Gay marriage ruling galvanizes both sides
Decision by a California court allowing gay unions reflects a judiciary moving in one direction and legislatures in another.
NEW YORK — A California court's ruling that gay marriage is constitutional in the state has given new fodder to both sides waging one of the nation's most complex and emotional debates.
For supporters of gay marriage, the decision is a boost as they press their cause in other states. Opponents of gay marriage, meanwhile, have vowed to appeal this and other rulings, while also planning to take their case to state legislatures.
Indeed right now, the nation's courts and the legislatures, in general, have been deciding the legitimacy of gay marriage on opposite tracks. The courts have tended to rule in favor of gay couples, finding their rights are violated if they are not granted the same protections and responsibilities as heterosexuals. At the same, and often in response to such rulings, state legislatures, as well as popular referendums, have voted to ban gay unions, contending they are a threat to traditional marriage.
The intensity of the debate, combined with the relatively slow way in which it's being resolved, is reflective of the way the nation has dealt with controversial social issues in the past. For instance, supporters of gay marriage point out that it was two decades after a California court ruled a ban on interracial marriage unconstitutional that the US Supreme Court concurred, in 1967.
For supporters of gay marriage, the parallel with the civil rights movement is heartening. After all, it's been almost 15 years since the Hawaii Supreme Court first ruled in favor of gay marriage. Now lower courts in both New York and California have called on the civil rights battles of the past to justify their rulings in favor of gay marriage.
But opponents say that comparing gay marriage with the civil rights movement is comparing apples and oranges. They believe the rulings that forbade polygamy provide a better parallel.
Yet either way, scholars say past battles over deeply emotional social issues provide a good road map for at least understanding the current debate. "California is a bellwether state - it started the no-fault divorce revolution," says Bill Duncan, director of the Marriage Law Foundation in Provo, Utah, a legal-research nonprofit organization opposed to gay marriage. "We are watching it very carefully."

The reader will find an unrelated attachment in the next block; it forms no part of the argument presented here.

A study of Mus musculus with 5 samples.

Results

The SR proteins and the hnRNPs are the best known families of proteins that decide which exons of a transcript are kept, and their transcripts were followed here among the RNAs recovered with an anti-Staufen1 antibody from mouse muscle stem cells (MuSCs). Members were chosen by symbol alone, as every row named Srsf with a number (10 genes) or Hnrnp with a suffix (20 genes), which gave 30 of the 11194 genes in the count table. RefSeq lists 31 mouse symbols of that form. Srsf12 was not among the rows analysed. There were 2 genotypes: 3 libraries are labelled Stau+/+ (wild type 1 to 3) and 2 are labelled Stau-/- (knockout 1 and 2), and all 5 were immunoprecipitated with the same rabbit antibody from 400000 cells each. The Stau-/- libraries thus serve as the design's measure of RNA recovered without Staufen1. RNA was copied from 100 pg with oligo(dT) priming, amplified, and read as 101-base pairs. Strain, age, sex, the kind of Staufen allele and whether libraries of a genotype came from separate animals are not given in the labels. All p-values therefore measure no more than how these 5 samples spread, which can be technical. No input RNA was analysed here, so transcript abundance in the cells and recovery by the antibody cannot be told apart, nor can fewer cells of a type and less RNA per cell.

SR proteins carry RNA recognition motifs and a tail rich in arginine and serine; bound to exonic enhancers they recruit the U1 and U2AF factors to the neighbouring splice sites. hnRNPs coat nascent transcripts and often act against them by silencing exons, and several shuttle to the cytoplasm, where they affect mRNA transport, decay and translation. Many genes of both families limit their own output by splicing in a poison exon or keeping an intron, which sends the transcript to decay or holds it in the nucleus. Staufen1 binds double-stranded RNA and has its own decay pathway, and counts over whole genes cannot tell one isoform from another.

In Monday's ruling, San Francisco County Superior Court Judge Richard Kramer ruled that denying same-sex couples the right to marry violated the equal-protection clause. "Simply put, same-sex marriage cannot be prohibited solely because California has always done so before," the ruling continued.
The decision was a victory for advocates of gay marriage, in particular because of Judge Kramer's reliance on logic from previous civil rights cases.
"All of those prior issues were deemed to be incredibly divisive and intractable in their times, but eventually the country came to a consensus," says Matt Foreman, executive director of the National Gay and Lesbian Task Force.
Opponents have called the ruling "mind boggling" and an "attack on marriage." They argue that marriage is a unique institution that should be defined as solely between a man and a woman to protect the upbringing of children. They dismiss studies that have found that children do well as long as there are two loving parents, regardless of their gender. Instead, they point to studies that show children do best with both a father and a mother.
They've also pledged to fight in the California Legislature and others across the country to roll back court rulings in favor of same-sex marriages.
"Every time you have a judicial ruling, it lights a fire that fuels a locomotive on the legislative track," says Carrie Gordon Earll, spokeswoman for Focus on the Family in Colorado Springs, Colo.
Advocates of gay marriage believe that time is on their side. While they acknowledge they've had setbacks on legislative fronts, they note that public opinion is now moving in favor or granting same-sex couples some rights. They also argue the legitimacy of same-sex unions in Massachusetts and Vermont will prove to be beacons for the whole nation.
"It's like showing the lie to the right-wing rhetoric," says Jon Davidson, legal director of Lambda, a gay-rights legal-defense fund. "Marriage has not ended, and civilization has not ended."
But opponents are just as adamant that their side will prevail. They note that more than a dozen other states are now considering banning gay marriage.
"I'm not arguing that the sky will fall tomorrow, but there will be subtle changes and messages that would be sent," says Mr. Duncan. "Those messages in the long run will not be helpful to our society."
Opponents have 60 days to appeal the California ruling.